In this tutorial we walk through the steps to install Docker on Arch and Arch based systems( Manjaro, Garuda etc.). We’ll also go over the complete setup steps for Docker so you’re ready to go.
Btw, if you’re using Debian, we also have a guide to install Docker on Debian. Let’s get started!
What is Docker?
Docker is a software platform designed for building an application in a loosely isolated environment called a container. Containers are essentially lightweight and contain everything required to run the application, so we don’t need to worry about files installed in the Host computer. We can run many containers on the host machine without affecting one another. Docker provides us with a way to create, run, manage and communicate with the containers.
Docker like any other software comes mainly in two different versions – the stable version and the development version. The stable version is recommended for most users, who want to get their work going without any hassle. The development version is the version that is being currently worked on. It contains newer/improved features, but it is generally unstable and is not generally not recommended for daily use. We will be going through the installations of both versions.
1A. Install the Official version of Docker on Arch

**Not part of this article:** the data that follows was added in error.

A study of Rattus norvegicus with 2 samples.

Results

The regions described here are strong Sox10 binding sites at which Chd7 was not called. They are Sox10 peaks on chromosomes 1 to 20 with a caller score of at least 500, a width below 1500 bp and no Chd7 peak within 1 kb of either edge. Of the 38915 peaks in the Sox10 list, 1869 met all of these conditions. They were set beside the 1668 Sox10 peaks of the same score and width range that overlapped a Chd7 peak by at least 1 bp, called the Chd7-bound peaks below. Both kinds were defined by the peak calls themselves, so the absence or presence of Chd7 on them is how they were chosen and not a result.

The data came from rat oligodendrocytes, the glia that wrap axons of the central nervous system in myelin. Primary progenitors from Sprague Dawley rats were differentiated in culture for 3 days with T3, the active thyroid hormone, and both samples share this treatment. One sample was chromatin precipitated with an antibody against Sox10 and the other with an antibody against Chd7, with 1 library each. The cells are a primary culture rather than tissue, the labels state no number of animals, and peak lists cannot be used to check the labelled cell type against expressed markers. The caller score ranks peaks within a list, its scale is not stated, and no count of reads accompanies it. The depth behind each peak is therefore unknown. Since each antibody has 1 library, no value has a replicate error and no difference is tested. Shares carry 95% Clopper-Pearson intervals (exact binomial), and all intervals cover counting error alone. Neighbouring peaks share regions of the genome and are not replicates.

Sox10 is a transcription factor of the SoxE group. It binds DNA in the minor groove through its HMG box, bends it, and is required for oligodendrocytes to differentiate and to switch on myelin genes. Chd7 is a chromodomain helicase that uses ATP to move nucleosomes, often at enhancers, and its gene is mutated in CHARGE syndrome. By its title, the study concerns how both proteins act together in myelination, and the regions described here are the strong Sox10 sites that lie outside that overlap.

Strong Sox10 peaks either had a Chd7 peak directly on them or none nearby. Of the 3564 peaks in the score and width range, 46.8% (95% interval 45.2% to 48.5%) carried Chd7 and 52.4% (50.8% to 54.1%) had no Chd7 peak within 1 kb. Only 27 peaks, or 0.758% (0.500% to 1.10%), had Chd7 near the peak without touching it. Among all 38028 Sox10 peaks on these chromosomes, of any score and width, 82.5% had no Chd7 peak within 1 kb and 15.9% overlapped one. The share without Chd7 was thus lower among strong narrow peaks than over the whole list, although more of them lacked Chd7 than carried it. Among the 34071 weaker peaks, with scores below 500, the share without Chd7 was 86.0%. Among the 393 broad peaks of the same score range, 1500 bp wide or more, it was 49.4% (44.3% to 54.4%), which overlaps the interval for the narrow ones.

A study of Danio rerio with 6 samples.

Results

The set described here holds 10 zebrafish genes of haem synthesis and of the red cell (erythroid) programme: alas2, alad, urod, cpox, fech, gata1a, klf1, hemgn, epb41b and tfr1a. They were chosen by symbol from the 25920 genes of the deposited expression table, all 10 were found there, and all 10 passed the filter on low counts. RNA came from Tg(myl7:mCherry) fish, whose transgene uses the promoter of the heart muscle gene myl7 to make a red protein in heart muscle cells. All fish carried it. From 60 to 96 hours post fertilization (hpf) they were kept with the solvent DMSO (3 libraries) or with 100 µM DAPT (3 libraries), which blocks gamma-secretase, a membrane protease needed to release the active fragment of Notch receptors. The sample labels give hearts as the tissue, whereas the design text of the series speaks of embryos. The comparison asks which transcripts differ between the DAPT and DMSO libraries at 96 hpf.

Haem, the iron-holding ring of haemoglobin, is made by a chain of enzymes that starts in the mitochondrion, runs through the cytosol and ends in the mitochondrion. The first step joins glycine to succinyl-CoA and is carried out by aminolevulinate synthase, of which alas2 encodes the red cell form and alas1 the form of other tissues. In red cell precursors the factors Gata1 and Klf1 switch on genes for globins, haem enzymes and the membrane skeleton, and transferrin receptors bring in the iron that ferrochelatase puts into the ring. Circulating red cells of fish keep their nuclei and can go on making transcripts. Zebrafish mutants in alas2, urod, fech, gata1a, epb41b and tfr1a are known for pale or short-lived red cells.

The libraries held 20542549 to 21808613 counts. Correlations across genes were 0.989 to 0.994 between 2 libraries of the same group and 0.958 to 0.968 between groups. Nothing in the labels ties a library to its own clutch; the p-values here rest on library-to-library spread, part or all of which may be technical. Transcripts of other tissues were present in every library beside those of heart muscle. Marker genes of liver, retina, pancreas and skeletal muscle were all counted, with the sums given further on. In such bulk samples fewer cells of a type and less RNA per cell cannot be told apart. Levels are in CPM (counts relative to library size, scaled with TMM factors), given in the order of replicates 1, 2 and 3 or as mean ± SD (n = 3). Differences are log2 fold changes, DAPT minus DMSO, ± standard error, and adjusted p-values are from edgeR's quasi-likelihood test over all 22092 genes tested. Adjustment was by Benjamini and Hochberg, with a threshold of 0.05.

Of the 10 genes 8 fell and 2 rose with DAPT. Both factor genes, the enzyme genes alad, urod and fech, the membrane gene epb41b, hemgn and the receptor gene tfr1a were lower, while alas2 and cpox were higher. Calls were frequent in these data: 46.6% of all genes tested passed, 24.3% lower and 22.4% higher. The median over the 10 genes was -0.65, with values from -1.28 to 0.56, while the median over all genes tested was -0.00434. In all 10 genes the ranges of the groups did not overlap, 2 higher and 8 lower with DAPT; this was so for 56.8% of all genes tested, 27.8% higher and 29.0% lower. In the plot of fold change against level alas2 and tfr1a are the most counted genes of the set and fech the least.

We will be using pacman to install the official binaries from the Community. Open a terminal an type:
sudo pacman -S docker
That’s all!! Just a line of code.
1B. Installing the development version of Docker on Arch
The development version is in the Arch User Repository. We need to clone it and build it from the source. So we open up a terminal and first clone the repository. You need to have git installed for this.
git clone https://aur.archlinux.org/docker-git.git
Before we build it from the source we need the tools to build it from source, these tools fall under the ‘base-devel’ package. So we download the required packages using pacman.
sudo pacman -S base-devel
Go to the repository folder and build it using ‘mkpkg -sri’
cd docker-git/ makepkg -sri
2. Starting the docker service on startup
Before we can use docker, we need to enable Docker daemon. We can easily do it using systemctl start.
sudo systemctl start docker.service
This becomes a tiring job to enable docker daemon every time after we boot our computer. We can make sure the docker daemon is run every time we boot our computer using systemctl enable.
sudo systemctl enable docker.service
3. Adding User to Docker group
Running docker requires sudo privileges. So we need to root every time we run docker. This can be eliminated by adding the user to the docker group. To add the user to the docker group, use the usermod command.
sudo usermod -aG docker $USER
The user needs to log back in to see the effect.
Note: Anyone added to the
docker group is root equivalent, so make sure you trust the user that you are adding to the docker group.
4. Hello Docker!
Now that we have docker installed we can run our first docker command- “Hello World”
docker run hello-world
You are now all set up to run docker, pull images and create your own application. To create your own docker based application you can refer to this article.